Quebec's health ministry acknowledged that "the first wave brought many more deaths than we thought because of the outbreaks in the CHSLDs."
"When you have outbreaks in there; because they're older patients you're obviously going to have more hospitalizations and more deaths," explained Dr. Labos.
According to data compiled by independent journalist Nora Loreto, at least two facilities in the Montreal area — the Centre d'hébergement Sainte-Dorothée and the Centre d'hébergement Notre-Dame-de-la-Merci — have seen over 100 resident deaths.
"If we had known how contagious the virus was, we could have banned visits to long-term care centres more quickly," the ministry said in a statement shared with MTL Blog.
"We would have issued stricter directives on the wearing of protective equipment in hospitals, long-term care centres, and RPAs [private senior's residences]."
What could have been done to prevent all these deaths?
"Early on in the pandemic, it was difficult to get testing [...] we had no effective treatments against this virus [...] it was just a bunch of things that sort of conspired that made it a difficult situation."
The ministry also points to a delay in the lockdown and the more long-term issue of staff vacancies.
"Visits to the living environment were late in being banned and the movement of staff to meet a need for manpower contributed to the spread of the virus," admitted the health ministry.
Quebec's Health Ministry, however, stopped short of laying all the responsibility on the health network and politicians that control the discourse, explaining that "it's also about people working together to implement health guidelines" — a common refrain in many of François Legault's press conferences.
"COVID's experience has taught us to act much more quickly in making decisions and to keep records of the decisions taken."
Quebec has recorded a total of 10,802 deaths as of April 18.
This article's cover photo was used for illustrative purposes only.
While there's a myriad of possible reasons as to why Trudeau is ahead in the province, his handling of the pandemic could be the biggest. Among the Quebecers polled, 46% believed that health care is the most pressing issue in the upcoming election and 53% said the current prime minister "has performed well on pandemic management."
Politics and the Fourth Wave: As concern over COVID rises, are the Liberals poised to benefit?… https://t.co/znhujEMXZU
"We, the undersigned, demand that the Government of Quebec publicly reject, as of now, the idea of a mandatory vaccination passport and that it commit itself to do like the Governor of Florida, Ron DeSantis, has done, that is to say, prohibit the obligation to present a vaccination passport in order to attend certain events and practice certain activities," the petition states.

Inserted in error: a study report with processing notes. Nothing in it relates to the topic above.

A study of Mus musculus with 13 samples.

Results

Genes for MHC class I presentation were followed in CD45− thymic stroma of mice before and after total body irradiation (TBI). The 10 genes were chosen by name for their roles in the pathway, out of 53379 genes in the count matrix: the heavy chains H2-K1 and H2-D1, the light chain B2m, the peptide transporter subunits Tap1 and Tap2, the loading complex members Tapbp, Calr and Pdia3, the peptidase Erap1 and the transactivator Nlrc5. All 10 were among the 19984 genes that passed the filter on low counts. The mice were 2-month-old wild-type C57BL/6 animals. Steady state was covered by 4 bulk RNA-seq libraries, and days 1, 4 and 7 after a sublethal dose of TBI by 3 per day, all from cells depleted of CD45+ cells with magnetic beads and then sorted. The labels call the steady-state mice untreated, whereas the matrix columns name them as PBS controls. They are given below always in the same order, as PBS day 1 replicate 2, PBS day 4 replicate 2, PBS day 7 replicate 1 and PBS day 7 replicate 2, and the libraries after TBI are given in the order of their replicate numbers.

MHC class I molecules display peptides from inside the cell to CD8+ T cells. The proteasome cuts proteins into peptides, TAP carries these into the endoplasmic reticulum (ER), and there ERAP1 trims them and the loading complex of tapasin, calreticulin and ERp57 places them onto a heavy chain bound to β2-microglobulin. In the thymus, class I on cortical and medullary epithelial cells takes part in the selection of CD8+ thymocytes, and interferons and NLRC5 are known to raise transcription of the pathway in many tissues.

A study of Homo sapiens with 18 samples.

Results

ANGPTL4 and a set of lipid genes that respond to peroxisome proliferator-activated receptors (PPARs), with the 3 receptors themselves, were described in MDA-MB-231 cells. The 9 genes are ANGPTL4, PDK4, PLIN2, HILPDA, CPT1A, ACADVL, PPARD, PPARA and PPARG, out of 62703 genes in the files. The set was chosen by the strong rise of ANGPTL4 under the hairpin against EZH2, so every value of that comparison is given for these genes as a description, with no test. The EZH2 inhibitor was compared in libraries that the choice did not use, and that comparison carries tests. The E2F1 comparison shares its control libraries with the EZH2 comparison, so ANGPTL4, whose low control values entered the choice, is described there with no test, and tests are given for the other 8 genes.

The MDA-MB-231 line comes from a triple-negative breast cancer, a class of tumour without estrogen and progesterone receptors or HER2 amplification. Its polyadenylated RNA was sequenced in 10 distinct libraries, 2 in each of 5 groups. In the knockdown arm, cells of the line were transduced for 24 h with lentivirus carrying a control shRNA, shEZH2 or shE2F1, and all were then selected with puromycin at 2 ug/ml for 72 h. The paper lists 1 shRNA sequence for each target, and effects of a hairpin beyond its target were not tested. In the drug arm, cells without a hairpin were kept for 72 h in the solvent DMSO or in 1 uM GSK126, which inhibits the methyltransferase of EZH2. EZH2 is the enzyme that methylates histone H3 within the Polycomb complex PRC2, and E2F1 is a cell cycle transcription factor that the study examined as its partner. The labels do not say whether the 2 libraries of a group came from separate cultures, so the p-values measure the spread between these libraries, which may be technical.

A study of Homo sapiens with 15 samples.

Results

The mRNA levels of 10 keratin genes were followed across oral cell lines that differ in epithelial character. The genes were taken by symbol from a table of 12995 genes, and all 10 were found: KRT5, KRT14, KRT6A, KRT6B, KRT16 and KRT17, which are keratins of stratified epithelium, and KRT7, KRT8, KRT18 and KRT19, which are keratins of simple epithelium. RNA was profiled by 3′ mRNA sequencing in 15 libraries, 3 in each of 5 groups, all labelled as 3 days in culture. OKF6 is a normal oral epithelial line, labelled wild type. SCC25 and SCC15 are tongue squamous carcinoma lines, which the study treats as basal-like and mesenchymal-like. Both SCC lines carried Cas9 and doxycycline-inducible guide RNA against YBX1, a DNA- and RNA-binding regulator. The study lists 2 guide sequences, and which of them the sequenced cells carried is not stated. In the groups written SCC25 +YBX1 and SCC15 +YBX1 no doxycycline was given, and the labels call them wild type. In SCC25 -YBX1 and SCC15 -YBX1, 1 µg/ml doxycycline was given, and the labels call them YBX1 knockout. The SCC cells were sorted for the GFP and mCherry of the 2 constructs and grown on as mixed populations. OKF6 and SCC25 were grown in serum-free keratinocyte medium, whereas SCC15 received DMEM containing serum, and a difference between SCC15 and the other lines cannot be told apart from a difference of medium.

Samson, a former Coalition Avenir Québec member who switched sides in June, held a press conference about the petition alongside Conservative Party of Quebec leader Eric Duhaime on August 12. They explained that the party had already collected 133,000 signatures on a previous petition that did not meet the criteria of the National Assembly.
"We reviewed the wording [...] So we're going to ask these hundreds of thousands of people to re-sign their petition on the National Assembly website, and we're going to invite Quebecers who don't agree with the vaccine passport to come forward as well," Samson said.
The petition, which was posted to the National Assembly website on August 12, had garnered more than 75,000 signatures at the time this article was published.
Mary Simon's approval rating is lower in Quebec compared to the rest of Canada, a poll released Wednesday showed, because the new governor general can't speak French.
An Angus Reid Institute poll of 2,049 Canadians found only 49% of Quebecers approve of her appointment compared to 74% of respondents in the rest of the country.
"Despite being from Nunavik (the Inuit homeland in Northern Quebec), and having been awarded the [province's] highest distinction, many Quebecers remain unconvinced Mary Simon is the best choice for governor general due to her lack of fluency in French," stated the Angus Reid Institute.
"Support is cleaved along linguistic divides in the only majority Francophone province in Canada," it continued, as only 40% of Quebecers whose first language is French approve of her appointment compared to 81% of English speakers.
Though Simon, the country's first Indigenous governor general, is not currently fluent in French, she has promised to learn, Angus Reid stated.